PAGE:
Crowdsourcing is on the rise courtesy of Web sites like Kickstarter. It’s one way to start a company or get a product or service off the ground, and it has been used to launch everything from movies to games.
My daughter Jennifer Steen used it to fund her roleplaying game, Project Ninja Panda Taco (Fig. 1). She initially asked for $12,500, which she surpassed with 386 backers. I was one of them. I like games, and I’m a bit biased about hers. (For more about Project Ninja Panda Taco, go to http://projectnpt.com/.)
Kickstarter isn’t just for hobbies and small businesses. It’s also seeing some high-tech action. For example, I’ve also bought into Ouya, which is building a game console based on Nvidia’s Tegra 3 multicore system-on-chip (SoC). The unit, which includes a single controller (Fig. 2), costs $99—actually, that’s the pledge you need to make if you want to be one of the first gamers to get one (see “Ouya Brings $99 Game Console Via Kickstarter”).
Ouya expects to sell more consoles after delivering the first batch to all of its backers. Its Kickstarter goal was a bit higher than Jennifer’s at $950,000. At last count, Ouya had more than 63,000 backers with pledges totaling over $8.5 million. That’s probably enough money for the company to start ordering some components.
Ouya’s box is still on the consumer side of things, with the same hardware found in tablets and smart phones. It will have an app store where you can download games. It also will be competing with Sony’s PS3 and Microsoft’s Xbox 360. I probably won’t be playing anything as ambitious as Gearbox Software’s Borderlands 2, which I play with my son via the Internet on the PS3. But lots of games would easily look and play the same on all of these platforms.
Adapteva based its Parallella project around its tiny, 16-core processor, which targets mobile applications (Fig. 3). It will be coupled with a dual-core Arm Cortex-A9 SoC running Ubuntu Linux. The system fits on a card that’s comparable to the $99 Raspberry Pi. The $99 Parallella board will deliver a whopping 26 GFLOPS of performance by May 2013. February delivery will run $499.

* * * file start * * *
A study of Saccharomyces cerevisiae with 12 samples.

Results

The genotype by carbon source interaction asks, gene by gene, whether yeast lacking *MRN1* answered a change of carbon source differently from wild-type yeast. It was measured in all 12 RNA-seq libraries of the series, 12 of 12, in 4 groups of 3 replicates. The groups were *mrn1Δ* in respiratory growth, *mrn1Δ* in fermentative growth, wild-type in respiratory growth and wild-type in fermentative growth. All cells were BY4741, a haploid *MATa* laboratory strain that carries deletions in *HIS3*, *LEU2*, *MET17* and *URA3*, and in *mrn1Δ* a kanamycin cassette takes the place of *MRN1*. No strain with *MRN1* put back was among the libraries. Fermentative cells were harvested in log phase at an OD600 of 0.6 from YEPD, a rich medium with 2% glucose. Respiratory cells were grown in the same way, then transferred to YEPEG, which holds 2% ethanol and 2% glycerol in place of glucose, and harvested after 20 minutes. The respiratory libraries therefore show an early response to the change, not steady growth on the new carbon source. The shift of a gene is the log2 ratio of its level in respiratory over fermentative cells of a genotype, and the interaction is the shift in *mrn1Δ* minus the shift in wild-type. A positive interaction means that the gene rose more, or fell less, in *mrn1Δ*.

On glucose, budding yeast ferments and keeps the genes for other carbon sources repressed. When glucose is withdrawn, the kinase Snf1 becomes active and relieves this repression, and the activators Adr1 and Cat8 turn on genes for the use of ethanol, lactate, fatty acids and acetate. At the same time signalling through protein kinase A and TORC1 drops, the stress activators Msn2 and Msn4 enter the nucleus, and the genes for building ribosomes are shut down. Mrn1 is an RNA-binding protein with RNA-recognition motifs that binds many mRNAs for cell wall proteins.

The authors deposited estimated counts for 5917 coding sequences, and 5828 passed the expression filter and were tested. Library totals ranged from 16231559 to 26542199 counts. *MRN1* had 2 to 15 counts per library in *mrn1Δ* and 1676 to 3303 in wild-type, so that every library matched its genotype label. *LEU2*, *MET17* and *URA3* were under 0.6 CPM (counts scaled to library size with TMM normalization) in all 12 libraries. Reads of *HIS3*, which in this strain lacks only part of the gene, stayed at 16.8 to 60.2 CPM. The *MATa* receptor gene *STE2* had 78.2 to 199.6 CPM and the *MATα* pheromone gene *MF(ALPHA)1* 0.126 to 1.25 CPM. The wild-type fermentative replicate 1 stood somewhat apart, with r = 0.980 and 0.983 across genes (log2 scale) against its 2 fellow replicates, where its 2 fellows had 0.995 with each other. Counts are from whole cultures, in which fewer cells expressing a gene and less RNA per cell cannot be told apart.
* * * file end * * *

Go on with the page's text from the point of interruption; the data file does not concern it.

The Parallella is a glorified development board. The big difference between generating a dev board and a Kickstarter project is market share. With Kickstarter, a project won’t go forward unless there is a minimum number of supporters, with potential levels of support. The $499 Parallella commitment is designed for early developers.
How Kickstarter Works
Kickstarter campaigns have end goals that include various funding levels along with different levels of support. A backer creates an account on the Web site and then can pledge at a desired level using a credit card. The card isn’t charged until the project meets a specified pledge goal. There can be more than one goal.
Support levels include escalating pledge amounts with more benefits, such as earlier availability. Hardware platforms, for example, may include development tools. Projects can hit their goals, though there’s no guarantee supporters will get these benefits since business ventures can fail for all kinds of reasons. Still, these goals can show that a project is off to a good start.
There are lots of other interesting tech projects on Kickstarter. For example, the TinyDuino is an a Arduino that’s the size of a quarter (see “Arduino Expands Into More Demanding Applications”). And the tech section is just a small part of the whole Kickstarter site.
I’m looking forward to getting my Ouya box and Project Ninja Panda Taco game. I want one of the Parallella boards too. If Adapteva hits $3 million, the next step will be a 28-nm, 64-core chip.